Fishing Story From Mexico’s Bahia Concepcion

March 23, 2017

No winter in Mexico would be complete without a Fishing Story, and to be honest this has not been the best winter for fishing off the eastern coast of the peninsula state of Baja California Sur.
For instance: The Annual Yellowtail Tournament had barely enough fish to feed all the entrants, and some of the people who had fished the tournament for years came home skunked.
However, almost one week later, a couple of men on kayaks were trolling in Bahia Conception, and limited out on Sierra — the beautiful and tasty fish which looks like a huge ocean-going trout migrating in the Sea of Cortez (Gulf of Mexico).
This was enough to set the local fishermen into a frenzy, and it was two days later that we went after the Sierra, which has delicate white meat and is excellent for Ceviche.
Trolling blue and silver Rappalas, we were out on the water early, with big expectations to limit out.
However, that did not happen, and as the hours drifted away, we found ourselves going out of the entrance of the bay to the open water. Before we knew it we were over a depth of 70 feet, and we were not sure what we might catch. Trolling wasn’t working so we switched to bait hooks, and dropped our lines.
At first the catch was light, the small rock bass and other fish which we caught, we did not recognize. Then the rock bass got larger, and one was possibly the largest we had ever caught, and would make a great dinner for two.
Then our first Trigger fish hit, and this was a surprise because something about the weather had made Trigger fish harder to find and catch this year. The Trigger is a small-mouth fish with very sharp teeth, which likes to nibble on the bait before eventually taking the hook.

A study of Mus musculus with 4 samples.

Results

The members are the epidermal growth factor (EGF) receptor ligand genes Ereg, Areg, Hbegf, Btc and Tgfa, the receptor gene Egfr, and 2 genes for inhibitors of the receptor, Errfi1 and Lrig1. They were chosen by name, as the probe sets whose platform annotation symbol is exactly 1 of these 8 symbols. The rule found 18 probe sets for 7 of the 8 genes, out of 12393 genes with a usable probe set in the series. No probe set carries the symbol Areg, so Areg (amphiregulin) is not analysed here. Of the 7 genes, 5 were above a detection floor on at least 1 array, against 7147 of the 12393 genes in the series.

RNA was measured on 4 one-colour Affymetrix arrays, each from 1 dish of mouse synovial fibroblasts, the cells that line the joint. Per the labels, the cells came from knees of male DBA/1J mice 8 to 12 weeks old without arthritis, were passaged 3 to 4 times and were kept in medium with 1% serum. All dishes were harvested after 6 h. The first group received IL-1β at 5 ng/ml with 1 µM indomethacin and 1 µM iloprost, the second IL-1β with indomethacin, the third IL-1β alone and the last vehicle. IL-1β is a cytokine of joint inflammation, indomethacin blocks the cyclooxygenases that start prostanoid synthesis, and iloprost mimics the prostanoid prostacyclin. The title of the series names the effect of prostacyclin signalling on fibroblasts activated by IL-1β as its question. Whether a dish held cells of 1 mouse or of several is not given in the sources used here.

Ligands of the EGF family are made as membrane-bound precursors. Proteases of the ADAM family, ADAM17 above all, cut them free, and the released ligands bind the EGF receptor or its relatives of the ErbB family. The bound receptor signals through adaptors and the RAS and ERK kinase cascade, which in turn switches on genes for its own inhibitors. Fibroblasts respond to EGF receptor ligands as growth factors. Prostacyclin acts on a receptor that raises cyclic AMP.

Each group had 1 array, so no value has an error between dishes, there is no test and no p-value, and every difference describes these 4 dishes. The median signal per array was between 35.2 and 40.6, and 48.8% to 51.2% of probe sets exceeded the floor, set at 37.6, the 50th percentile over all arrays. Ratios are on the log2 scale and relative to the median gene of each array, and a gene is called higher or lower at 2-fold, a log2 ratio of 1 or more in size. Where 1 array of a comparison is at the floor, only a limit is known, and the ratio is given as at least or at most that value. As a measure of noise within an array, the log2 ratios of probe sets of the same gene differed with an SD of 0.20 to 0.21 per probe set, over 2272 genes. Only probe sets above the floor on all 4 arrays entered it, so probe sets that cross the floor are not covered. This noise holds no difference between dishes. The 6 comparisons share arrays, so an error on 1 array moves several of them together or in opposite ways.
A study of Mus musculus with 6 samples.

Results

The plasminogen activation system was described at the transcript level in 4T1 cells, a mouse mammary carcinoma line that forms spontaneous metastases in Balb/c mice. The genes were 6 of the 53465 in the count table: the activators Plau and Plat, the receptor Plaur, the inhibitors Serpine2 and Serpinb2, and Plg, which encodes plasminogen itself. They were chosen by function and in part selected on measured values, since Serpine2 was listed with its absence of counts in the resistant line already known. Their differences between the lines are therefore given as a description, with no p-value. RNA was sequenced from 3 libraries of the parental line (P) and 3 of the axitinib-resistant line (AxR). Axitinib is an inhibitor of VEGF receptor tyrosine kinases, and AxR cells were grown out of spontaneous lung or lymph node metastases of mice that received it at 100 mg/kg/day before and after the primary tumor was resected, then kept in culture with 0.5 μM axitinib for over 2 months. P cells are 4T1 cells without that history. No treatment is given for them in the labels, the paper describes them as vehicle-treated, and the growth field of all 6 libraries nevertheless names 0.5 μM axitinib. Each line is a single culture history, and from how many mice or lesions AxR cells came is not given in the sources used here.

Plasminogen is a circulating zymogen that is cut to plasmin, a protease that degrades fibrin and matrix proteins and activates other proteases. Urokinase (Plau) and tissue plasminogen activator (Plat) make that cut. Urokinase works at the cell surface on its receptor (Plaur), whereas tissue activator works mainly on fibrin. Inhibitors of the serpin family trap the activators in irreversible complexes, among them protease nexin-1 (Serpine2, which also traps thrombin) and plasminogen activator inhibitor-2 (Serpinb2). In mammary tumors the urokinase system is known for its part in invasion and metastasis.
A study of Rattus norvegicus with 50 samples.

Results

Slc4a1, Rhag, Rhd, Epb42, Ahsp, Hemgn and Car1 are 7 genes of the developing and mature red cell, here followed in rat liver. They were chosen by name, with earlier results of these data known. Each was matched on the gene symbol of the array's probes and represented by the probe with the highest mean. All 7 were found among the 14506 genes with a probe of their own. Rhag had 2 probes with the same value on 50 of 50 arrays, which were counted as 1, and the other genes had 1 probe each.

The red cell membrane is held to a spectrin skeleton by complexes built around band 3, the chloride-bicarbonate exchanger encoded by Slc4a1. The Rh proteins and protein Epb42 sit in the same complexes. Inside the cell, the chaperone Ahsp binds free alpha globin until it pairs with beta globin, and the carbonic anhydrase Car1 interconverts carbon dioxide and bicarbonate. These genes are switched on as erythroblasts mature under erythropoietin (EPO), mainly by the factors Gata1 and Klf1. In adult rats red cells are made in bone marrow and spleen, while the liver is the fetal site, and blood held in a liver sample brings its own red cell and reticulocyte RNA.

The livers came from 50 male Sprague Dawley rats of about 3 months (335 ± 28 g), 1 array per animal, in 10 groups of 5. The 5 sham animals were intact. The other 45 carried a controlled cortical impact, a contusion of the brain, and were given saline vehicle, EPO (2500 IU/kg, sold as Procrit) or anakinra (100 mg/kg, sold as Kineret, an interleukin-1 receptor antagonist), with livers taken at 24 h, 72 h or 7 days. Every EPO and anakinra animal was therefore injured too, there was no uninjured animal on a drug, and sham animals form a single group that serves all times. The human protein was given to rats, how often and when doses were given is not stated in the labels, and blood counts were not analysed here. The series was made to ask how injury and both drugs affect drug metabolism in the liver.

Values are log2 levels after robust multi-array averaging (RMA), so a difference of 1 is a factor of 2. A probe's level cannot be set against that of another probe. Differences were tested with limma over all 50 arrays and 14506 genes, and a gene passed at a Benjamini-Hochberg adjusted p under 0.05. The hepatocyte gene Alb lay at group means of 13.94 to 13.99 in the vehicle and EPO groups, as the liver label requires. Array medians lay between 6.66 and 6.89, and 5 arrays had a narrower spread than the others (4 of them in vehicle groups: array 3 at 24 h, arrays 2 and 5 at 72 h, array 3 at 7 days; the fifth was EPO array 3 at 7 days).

Probably one of the best tasting fish found in the Sea of Cortez, the Trigger rates at the top as a fighter and will match pound for pound with the toughest in the water. Using light fishing gear, the Trigger fish will give you all the battle you want, dragging the pole under the water and then waiting a spell and then doing it all over again.
Our second catch was one of the biggest Trigger fish we had ever caught and when you get a 4-pound fish on an 8-pound line, you are in for a battle. The fish seemed to sense it was in for a long battle because every 10 feet it would run and take out more line. It took slow and steady reeling to bring the large fish up to the boat and once the fish saw the bottom of the boat, it was off again.
It has been some time since we used the fishing net in our boat and it was hidden under the life jackets when we yelled, “We are going to need the net!”
When the trigger surfaced we were both pooped. There is no way we could have lifted it into the boat with just the hook and line.
It wouldn’t even fit in our cooler chest it was so big, and we just let it flop around on the floor in the back of the boat. The day might have been done except for another Trigger which came out of the same hole, not as big, but very feisty.
All three made for a good dinner enjoyed by not only us, but our neighbors because it was way too much fish for us. We rate this fishing day on the Sea of Cortez as one of the best.

PUBLISHER’S NOTE: One week later, John Adams of Hilmar, who was skunked in the tournament, caught three, 20-pound-plus Yellowtail off the coast of Mulege, Mexico, and probably could have caught more but the bait fish were boiling around his boat driving the sea birds crazy.